It is the second cow to have been identified as having the disease since the US announced that it was planning to allow the importing of live cattle from Canada, opening the border to such imports since the first case of mad cow was found there in May 2003.

In addition to the three cases of mad cow found in Canada, the one case of mad cow disease found in the US a little over a year ago was in a cow that had been born in Canada.

In addition to the two cows with BSE discovered in Canada in just the past few weeks, officials are trying to track down a cow that was born on the same farm as one of them and then was exported to the US and scheduled for slaughter. Since those two cows could have fed at the same trough, and the disease is transmitted through animal feed, it is at least possible that the exported cow could have had BSE.

While the Bush administration has said that it is looking into the new incidents, at this point the government has not decided to reverse its plans. However, it is likely that the new incidents could be helpful to the Ranchers-Cattlemen Action Legal Fund (R-CALF), which has sued the US government looking to block the resumption of live cattle imports from Canada, saying that officials haven’t done enough to prevent the spread of mad cow disease.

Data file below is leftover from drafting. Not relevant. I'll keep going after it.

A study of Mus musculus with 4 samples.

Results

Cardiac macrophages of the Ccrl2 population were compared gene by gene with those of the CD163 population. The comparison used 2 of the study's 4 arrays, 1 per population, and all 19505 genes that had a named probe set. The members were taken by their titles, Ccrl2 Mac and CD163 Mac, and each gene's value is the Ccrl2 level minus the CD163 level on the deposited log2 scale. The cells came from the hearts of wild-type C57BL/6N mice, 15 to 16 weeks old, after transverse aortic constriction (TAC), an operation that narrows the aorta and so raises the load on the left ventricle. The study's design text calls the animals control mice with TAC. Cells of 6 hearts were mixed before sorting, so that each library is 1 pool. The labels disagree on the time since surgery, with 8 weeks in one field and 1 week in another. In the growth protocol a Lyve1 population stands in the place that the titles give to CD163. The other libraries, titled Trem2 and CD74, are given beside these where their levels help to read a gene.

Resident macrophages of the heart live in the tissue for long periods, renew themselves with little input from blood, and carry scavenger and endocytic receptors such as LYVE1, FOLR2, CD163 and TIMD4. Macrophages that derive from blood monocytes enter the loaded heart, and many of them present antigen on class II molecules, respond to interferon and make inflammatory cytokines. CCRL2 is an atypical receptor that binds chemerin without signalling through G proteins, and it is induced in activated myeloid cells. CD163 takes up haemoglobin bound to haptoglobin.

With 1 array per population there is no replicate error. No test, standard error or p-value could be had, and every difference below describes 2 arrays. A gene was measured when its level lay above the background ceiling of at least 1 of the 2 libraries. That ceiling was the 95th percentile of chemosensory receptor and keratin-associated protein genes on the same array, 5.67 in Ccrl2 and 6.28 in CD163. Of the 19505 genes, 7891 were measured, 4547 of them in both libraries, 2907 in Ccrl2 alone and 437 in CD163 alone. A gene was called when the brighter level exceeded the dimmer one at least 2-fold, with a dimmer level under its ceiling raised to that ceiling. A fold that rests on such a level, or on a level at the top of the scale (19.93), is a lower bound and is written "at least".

No incidents of the human variation of mad cow, which can be fatal, have been identified in the US or Canada.
KC's View:
Canadian Agriculture Minister Andrew Mitchell said yesterday, “We continue to have confidence in the integrity of our current feed ban and that it protects animal and human health.”

But we sense a little bit of quiet desperation in that statement.

We are flabbergasted that the US is saying “we’re going to take a look at the situation,” as opposed to “stop.”

We’re not trying to indict the entire meat supply. Far from it. But there are issues of perception here, issues of confidence.

And, quite frankly, we have a lot less confidence in the government officials on both sides of the border than we do in the meat supply.